Since being pulled back from the brink in the 2008 financial crisis, American International Group has shrunk significantly. And activist investors have further pushed to split the insurer.
The company’s new chief executive, however, pledged Monday to focus on growth.
“Let me be clear, I am here to grow AIG,” the executive, Brian Duperreault, said at the company’s consumer insurance investor day Monday.
“I recognize the value of the company’s multiline structure,” he said. “I didn’t come here to break the company up. I came here to grow it.”
His appointment is a homecoming. Duperreault, 70, worked 21 years at AIG before leaving in 1994. He was a lieutenant to Maurice R. Greenberg, who built the New York-based company into a global colossus before resigning as chief executive amid accounting investigations in 2005.
Duperreault replaces Peter D. Hancock, who abruptly announced plans to resign as AIG’s chief executive in March after shareholders lost faith in a 2½-year turnaround effort.
Hancock, a former J.P. Morgan executive, had come under pressure from activist investors. In 2015, the billionaire Carl C. Icahn publicly called for AIG to be split up and to get new leadership.
On Monday, Icahn, who has a nearly 5 percent stake in AIG, applauded the new chief executive.
“Very pleased the AIG board is finally making some of the much-needed changes we’ve been advocating the last 18 months,” he wrote on Twitter.
Shares of AIG were up more than 1 percent Monday.
Duperreault, who founded and was chief executive of Hamilton Insurance Group of Bermuda, does not come cheap. He will receive an annual salary of $1.6 million; a short-term annual incentive bonus of $3.2 million, which would be prorated for 2017; and a long-term incentive award of $11.2 million.
He also would receive a one-time cash award of $12 million as compensation for unvested equity he forfeited by leaving Hamilton and the option to purchase 1.5 million shares of AIG stock as a one-time, sign-on award.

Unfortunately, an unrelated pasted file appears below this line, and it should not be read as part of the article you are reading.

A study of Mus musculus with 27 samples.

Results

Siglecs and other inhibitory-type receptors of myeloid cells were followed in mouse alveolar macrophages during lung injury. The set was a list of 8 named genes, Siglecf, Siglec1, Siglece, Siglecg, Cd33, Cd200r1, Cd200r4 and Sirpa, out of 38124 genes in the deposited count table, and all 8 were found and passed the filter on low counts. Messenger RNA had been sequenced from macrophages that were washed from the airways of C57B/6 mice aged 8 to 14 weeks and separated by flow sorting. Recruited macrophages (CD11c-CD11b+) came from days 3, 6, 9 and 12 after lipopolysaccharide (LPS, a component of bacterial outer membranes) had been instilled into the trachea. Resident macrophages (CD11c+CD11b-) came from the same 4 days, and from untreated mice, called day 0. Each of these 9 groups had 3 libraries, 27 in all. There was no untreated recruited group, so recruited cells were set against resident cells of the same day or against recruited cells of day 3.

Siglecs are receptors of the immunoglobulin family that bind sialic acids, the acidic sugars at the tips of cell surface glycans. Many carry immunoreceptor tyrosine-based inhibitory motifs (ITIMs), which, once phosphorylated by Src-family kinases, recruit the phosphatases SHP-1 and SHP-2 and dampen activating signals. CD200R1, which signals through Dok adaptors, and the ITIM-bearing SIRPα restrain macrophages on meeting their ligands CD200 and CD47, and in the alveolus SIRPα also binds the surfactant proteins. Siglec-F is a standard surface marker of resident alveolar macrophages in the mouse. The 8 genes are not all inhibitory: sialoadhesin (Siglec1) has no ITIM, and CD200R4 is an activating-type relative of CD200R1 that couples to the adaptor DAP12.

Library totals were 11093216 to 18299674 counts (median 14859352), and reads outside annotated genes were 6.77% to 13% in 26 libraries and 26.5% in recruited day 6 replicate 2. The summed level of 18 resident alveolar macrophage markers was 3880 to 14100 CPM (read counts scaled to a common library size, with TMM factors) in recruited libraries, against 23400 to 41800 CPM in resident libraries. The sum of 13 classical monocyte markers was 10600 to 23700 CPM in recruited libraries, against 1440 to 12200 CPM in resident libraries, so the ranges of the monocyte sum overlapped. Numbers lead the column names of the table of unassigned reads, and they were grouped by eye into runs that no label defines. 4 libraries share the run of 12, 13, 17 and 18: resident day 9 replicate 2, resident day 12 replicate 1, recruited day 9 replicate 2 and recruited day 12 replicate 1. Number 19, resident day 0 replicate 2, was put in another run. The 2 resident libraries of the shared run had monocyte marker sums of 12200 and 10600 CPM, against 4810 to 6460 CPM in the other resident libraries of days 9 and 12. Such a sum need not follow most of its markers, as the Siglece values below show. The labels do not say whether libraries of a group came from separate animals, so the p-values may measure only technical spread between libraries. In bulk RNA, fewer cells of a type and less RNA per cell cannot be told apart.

Duperreault becomes the sixth chief executive to run the insurer since the departure of Greenberg, who is known as Hank.
In joining AIG, Duperreault will find a company much different from when he left and will face a difficult task in bringing the insurer back to its precrisis heights.
‘Let me be clear, I am here to grow AIG. . . . I didn’t come here to break the company up. I came here to grow it.’
AIG was once considered the gold standard for insurance companies as it expanded through acquisitions engineered by Greenberg, its longtime leader.
The insurer nearly collapsed in September 2008 and received a $185 billion government bailout. In recent years, AIG’s performance has lagged its peers, despite efforts by its leadership to simplify the company and trim costs.
Investors have been frustrated by the slow pace of recovery at AIG, but they were particularly rattled in February by the quarterly loss of $3.04 billion, which was larger than expected.
The loss was largely a result of a $5.6 billion increase in reserves to cover potential claims. Shares of AIG tumbled 9 percent the day after the results were announced.
Duperreault started at AIG in 1973 and rose through its executive ranks, leaving the company in 1994 for the top job at ACE.
He served as chief executive of ACE until 2004, when he was replaced by Evan G. Greenberg, Greenberg’s son and now the chief executive of Chubb. Duperreault served another two years as ACE’s nonexecutive chairman until he retired in 2006.
Duperreault returned to the insurance business two years later as president and chief executive of the professional services firm Marsh & McLennan Companies.
He retired again in 2012, only to be drawn back to the industry again in 2013 when he began running Hamilton, which he helped found.
“Brian is uniquely qualified to lead AIG at this important time. Brian has spent his entire career in insurance,” Douglas M. Steenland, the company’s chairman, said in a news release.
“He is a hands-on leader who has consistently delivered strong bottom-line results,” Steenland added.
AIG separately announced that it had agreed in principle to acquire Hamilton’s platform in the United States as part of a push to accelerate its application of data science and analytics to improve its insurance underwriting.